More than two months of training will culminate in two hours of racing for a Calgary ice canoe team heading to the 62nd annual Carnaval de Québec.
Made up of Mark Wilson, Willie Wice, Barney McIlhargey, Charles Gauvin and Candace Bourque, the Calgary squad will be the only Canadian team from west of Quebec taking part in the Feb. 5 event.
The contest sees teams race from Quebec City, across the ice-covered St. Lawrence River to the neighbouring city of Lévis and back.
"The trick of the race is it's not in a straight line," said McIlhargey, who serves as team captain.
"The tide is either pushing the river up or the river is pushing the tide down, so you've got a lot of moving, chunky ice, and at times it can move really quick."
Team members will spend as much as 40 per cent of the race outside the boat pushing with their legs to navigate around, and sometimes overtop, the giant chunks.
"The three rules of ice canoe are: never let go of the boat, don't ever let go of the boat and don't ever let go of the boat," said Bourque.
McIlhargey is the longest serving member of the team, having joined some 26 years ago while playing rugby in the city.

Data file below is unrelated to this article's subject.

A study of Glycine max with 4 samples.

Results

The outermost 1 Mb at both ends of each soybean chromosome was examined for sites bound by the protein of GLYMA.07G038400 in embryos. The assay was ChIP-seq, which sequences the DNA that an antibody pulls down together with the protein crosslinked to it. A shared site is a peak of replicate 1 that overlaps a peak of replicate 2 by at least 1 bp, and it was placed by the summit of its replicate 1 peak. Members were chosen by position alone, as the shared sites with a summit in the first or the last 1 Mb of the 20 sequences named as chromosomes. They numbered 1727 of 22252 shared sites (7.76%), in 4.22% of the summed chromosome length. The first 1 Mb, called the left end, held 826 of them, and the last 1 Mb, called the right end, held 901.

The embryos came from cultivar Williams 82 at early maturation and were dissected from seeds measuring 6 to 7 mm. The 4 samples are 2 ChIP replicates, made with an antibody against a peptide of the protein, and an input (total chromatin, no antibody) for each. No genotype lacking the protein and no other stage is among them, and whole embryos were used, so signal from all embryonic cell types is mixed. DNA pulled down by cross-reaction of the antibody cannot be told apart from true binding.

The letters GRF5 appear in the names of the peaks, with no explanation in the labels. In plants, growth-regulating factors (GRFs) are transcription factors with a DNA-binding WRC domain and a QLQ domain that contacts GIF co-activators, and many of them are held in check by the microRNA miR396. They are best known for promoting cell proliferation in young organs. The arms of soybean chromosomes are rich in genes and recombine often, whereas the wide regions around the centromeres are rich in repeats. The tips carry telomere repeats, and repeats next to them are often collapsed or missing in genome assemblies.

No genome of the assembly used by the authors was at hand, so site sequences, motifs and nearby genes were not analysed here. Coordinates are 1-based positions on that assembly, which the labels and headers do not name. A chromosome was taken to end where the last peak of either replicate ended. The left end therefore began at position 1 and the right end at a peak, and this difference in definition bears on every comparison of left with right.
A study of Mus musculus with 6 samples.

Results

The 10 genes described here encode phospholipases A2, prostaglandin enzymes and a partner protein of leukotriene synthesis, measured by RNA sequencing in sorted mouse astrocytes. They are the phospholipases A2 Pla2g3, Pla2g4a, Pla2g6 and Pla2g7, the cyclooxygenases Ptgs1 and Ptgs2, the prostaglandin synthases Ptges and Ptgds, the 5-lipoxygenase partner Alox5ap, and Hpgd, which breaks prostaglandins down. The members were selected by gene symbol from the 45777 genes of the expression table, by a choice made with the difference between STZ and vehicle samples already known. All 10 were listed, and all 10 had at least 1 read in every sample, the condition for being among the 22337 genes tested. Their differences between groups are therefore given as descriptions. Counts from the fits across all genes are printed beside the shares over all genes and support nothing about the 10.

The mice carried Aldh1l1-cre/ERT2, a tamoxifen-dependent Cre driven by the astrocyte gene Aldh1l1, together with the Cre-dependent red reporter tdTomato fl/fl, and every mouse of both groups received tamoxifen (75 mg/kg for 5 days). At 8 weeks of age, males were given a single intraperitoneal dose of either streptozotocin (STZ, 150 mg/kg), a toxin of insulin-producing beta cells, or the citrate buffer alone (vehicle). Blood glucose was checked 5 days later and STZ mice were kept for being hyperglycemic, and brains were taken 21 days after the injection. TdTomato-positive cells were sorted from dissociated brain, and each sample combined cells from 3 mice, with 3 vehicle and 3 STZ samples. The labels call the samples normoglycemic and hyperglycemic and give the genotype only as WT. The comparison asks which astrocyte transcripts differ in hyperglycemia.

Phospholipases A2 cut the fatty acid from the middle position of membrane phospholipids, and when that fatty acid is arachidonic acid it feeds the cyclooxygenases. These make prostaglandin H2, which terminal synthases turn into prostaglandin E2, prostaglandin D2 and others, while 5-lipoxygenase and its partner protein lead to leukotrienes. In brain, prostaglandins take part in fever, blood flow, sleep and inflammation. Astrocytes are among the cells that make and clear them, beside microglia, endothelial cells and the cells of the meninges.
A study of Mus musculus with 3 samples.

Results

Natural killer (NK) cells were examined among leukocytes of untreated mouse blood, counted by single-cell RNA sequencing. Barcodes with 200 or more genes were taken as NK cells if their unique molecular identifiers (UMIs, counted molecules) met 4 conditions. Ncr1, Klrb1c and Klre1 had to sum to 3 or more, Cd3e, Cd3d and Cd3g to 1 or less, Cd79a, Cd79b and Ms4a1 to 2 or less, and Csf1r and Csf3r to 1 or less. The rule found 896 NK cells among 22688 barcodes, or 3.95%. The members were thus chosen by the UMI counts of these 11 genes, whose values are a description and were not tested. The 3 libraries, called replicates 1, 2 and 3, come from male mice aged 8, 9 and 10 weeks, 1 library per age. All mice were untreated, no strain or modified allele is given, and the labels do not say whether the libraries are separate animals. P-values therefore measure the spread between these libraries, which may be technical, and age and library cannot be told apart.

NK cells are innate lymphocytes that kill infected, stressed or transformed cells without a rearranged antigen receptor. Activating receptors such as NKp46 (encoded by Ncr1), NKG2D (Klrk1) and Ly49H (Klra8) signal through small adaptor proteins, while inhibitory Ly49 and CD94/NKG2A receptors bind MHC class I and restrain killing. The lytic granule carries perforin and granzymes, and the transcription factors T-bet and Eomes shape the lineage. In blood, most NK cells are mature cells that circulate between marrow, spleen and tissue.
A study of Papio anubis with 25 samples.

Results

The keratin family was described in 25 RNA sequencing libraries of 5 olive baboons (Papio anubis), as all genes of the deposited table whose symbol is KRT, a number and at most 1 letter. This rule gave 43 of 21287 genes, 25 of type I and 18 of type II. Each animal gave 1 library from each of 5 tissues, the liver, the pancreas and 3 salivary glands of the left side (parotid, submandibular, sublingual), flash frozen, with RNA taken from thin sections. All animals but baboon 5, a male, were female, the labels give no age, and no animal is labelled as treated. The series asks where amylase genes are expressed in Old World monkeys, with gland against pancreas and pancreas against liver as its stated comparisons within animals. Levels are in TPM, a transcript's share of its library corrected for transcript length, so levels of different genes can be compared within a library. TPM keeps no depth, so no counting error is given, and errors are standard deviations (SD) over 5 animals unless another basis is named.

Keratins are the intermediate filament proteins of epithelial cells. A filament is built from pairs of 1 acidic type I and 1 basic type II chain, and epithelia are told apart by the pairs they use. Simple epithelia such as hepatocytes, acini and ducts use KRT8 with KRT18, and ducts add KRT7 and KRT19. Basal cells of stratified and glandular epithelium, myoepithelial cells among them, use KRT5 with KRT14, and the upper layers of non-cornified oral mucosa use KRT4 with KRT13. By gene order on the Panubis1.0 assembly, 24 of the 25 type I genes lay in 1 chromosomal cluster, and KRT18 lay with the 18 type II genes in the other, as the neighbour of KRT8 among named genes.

"A guy came up to me and said 'we're looking for someone for the ice canoes,' and I said, what is it?" he explained. "And they said, 'We need a little, fit guy for the front of the boat who's a bit crazy,' and I said, 'I could be that guy.'"
The race is on the St. Lawrence River, which is a bit wider than the Bow River, meaning the local team has to use some ingenuity when practicing.
"We practice going up and down the river, so we can make it as long or short as we want," said McIlhargey.
"We do transitions in and out of the water to simulate what we get in Quebec. But there's no comparison with the big ice out there and the slush out there, so we always get there a week early so we can get at least three times on the river before the race."
They'll be going up against upward of 50 other teams.
"We have been in fifth place and we've been last a few times as well," said McIlhargey. "This year I think we're going to do really well because we've had this team together for four years and it makes a difference the longer you are as a team."
"There's a lot of stuff that goes on, you can't talk, you can't hear, so unless you are a bit in tune with what you're going to do, it makes it really difficult."